People on the sidewalk

The following is a message I read from a friend of mine, Tim Davis, from Nashville. I’ll admit I have shamelessly (with Tim’s knowledge and permission) used what he has written. I’ve also added or edited a few phrases you, my readers will more readily connect with.

It is WELL WORTH your consideration, so please read on…

Here’s a concept: Personal responsibility and ownership for your life – that includes your thoughts, attitude, words and actions. Most people have a pretty clear idea of what they consider success, but have zero, and I mean zero, clue about the sacrifice, discipline and investment required to get what they say they want.

As James Allen wrote way back in 1902 in As A Man Thinketh, “Men are anxious to improve their circumstances, but are unwilling to improve themselves.”

I’ve coached all kinds of leaders and I know this about the highly successful ones…they are disciplined and focused. They don’t issue excuses. They consistently produce results. Change the rules and they still find a way to win. They act quickly because they know success favors speed of implementation.

Average leaders ask “How much it will cost me?” and highly successful leaders ask “How much will it develop me and add to my skill as a leader?” In other words, the successful leaders wonder what their return on investment will be rather than what temporary pleasure they will have to give up to pay for it.

Too many people can tell you more about American Idol or the statistics of their favorite sports team than they can tell you about the vision they have for their life, department, division or company and how they plan to achieve it.

Great leaders will ask, “What does it take?” The answer is “all you got and then some”. And they’ll give what is required.

The root cause of just about every problem is self-inflicted – not investing in your own development as a leader. Digesting too much junk, particularly information junk and stuff that just doesn’t really matter, and not enough relevant knowledge and wisdom.

Jesus said to the man at the pool of Bethesda…”pick up your mat and walk”. That man had 30 plus years of excuses until that moment. Then everything about his life changed.

Maybe, just maybe, it’s time to decide to pick up your mat and walk too. Or as Nike said years ago, “Just Do It”.

During a summer in high school, I had a job that required me to take a train at 5:45am. If I missed that train, I’d be late. There were times I missed the train and instead of being late, I incurred the SIGNIFICANTLY HIGHER cost of taking a taxi. This result seriously ate into the money I was saving for other things.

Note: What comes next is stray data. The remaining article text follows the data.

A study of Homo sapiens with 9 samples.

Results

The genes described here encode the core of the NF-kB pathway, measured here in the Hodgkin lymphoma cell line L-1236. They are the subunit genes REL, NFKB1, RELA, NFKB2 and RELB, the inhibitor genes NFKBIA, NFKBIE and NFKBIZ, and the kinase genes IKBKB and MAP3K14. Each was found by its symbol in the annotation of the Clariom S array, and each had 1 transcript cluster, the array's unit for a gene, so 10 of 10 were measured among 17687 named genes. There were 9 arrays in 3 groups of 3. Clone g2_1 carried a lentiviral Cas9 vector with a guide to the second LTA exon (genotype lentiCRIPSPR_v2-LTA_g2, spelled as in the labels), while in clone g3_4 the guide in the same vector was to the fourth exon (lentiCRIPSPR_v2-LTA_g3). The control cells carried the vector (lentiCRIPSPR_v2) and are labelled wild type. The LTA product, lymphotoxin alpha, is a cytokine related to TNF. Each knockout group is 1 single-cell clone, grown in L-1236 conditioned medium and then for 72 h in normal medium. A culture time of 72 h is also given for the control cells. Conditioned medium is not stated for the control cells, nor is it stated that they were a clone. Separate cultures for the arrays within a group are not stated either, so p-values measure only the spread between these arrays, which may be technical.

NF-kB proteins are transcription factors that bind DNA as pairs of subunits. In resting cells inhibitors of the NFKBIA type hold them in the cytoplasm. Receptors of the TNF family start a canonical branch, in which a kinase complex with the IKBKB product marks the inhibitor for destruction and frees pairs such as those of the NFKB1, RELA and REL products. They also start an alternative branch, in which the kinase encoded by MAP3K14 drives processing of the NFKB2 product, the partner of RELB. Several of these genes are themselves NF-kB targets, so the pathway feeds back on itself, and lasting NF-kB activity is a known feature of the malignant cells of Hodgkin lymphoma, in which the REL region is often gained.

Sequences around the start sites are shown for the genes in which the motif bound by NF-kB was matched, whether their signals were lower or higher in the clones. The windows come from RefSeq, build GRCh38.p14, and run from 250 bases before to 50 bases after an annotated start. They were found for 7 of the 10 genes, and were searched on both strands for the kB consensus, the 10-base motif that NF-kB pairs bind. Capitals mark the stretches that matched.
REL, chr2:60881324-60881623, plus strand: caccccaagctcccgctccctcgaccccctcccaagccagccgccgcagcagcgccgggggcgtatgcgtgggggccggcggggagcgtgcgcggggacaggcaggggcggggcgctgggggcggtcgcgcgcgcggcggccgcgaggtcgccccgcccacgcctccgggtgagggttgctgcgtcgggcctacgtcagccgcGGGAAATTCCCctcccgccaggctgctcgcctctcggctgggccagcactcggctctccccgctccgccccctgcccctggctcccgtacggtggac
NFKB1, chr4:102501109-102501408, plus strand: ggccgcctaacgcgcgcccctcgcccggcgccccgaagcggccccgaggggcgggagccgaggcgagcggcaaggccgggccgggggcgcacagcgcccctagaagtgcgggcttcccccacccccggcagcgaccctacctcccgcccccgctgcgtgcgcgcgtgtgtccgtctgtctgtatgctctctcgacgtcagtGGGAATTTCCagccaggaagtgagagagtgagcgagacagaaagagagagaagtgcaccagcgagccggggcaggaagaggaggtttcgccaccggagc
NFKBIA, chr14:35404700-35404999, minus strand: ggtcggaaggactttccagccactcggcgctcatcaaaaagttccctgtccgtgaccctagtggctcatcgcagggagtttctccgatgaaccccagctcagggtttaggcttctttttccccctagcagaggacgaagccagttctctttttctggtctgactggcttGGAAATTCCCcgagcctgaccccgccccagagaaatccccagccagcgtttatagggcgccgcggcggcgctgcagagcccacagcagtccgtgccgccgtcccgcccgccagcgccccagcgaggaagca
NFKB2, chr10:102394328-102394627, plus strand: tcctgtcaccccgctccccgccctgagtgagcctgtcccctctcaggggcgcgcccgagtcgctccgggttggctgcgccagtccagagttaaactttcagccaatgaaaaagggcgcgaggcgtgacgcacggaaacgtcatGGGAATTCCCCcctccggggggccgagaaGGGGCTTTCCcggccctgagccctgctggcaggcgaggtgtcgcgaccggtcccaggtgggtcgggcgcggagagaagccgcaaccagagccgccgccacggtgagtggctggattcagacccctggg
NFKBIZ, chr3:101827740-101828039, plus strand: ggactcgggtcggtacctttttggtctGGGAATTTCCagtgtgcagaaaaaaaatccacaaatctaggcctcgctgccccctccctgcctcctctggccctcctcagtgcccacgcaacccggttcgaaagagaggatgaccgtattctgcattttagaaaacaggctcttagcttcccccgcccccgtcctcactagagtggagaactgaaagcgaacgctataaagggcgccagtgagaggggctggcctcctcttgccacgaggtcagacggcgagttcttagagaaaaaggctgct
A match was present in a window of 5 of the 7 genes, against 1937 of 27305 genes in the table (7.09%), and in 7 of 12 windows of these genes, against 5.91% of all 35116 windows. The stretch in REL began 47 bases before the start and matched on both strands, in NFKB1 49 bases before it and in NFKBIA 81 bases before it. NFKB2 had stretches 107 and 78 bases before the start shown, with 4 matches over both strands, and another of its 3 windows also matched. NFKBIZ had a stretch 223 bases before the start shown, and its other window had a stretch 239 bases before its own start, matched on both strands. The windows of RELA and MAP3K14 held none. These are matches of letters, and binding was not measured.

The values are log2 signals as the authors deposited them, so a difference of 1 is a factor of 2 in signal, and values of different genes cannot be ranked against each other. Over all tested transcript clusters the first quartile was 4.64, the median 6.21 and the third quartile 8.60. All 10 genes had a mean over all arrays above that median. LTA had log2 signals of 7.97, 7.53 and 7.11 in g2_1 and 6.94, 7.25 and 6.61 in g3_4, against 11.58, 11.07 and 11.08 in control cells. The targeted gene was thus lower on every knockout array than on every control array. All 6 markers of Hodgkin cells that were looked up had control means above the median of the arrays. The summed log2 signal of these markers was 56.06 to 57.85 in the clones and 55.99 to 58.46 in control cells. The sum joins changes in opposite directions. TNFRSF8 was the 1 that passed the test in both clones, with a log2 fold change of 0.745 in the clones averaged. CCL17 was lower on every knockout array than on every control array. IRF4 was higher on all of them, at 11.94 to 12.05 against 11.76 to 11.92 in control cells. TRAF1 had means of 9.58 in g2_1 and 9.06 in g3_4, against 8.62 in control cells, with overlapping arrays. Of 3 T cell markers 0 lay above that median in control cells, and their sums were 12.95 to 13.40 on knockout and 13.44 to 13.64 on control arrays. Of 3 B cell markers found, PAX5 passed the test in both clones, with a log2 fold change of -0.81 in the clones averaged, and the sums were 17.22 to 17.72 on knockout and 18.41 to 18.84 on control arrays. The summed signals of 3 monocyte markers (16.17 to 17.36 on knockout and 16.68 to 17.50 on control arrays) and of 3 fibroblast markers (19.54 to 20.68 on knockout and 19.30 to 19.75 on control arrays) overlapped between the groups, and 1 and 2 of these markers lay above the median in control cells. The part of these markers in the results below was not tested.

Why did I do this? Simply because other people were counting on me to show up on time and do the job I was hired to do. I don’t say this to brag, but rather to say no one is interested in excuses, like I overslept or missed the train.

Have you been around people who tell you the government will take care of you…yeah right…please don’t buy into that lie. YOU take care of you. Pick up your mat and walk.

Napoleon Hill said the foundation of all success is desire. A deep burning desire. Absent that, success is fleeting in any area of life.

The only true lasting change happens because of self-awareness and reflection. Experience is not the best teacher; evaluated experience is the best teacher. The easy question to ask is “what do you want?” It’s also the most difficult to answer because that answer requires a payment…one that too many are unwilling to pay.

Self-awareness only happens when you are willing to ask yourself deep and difficult questions – and take the time and make the effort to answer them. If you are not willing to ask (or be asked by a highly qualified coach), how can you expect to achieve the success and accomplishment you’ve dreamed about?

So what about you? Do you have the personal accountability to fully own your results as a leader? If you find yourself blaming circumstances such as government regulation, high prices or higher taxes, changing technology, a challenging economy, or any other situation outside of your control, this is a sign that you are not taking personal accountability.

You see, excuses demonstrate what you believe about how your results are created. If the beliefs are focused on outside circumstances, you would do well to ask how such beliefs were created (hint, most likely NOT by you) and if such beliefs are serving you well today.

I’m here to help you examine those beliefs and ask you the deep and difficult questions. Be assured, these questions are not to be confused with psychotherapy – something I am definitely not qualified to offer.

Many of my clients who have had the courage and stamina to do this have experienced significant changes in the results they produce – not because of anything I said, but rather because of the questions they were willing to think into and their commitment to do something with the answers they received.

Best regards,

PS, Please feel free to share this with others you believe will be interested. If you do, please let me know who they are so I may consider including them in future emails on leadership topics.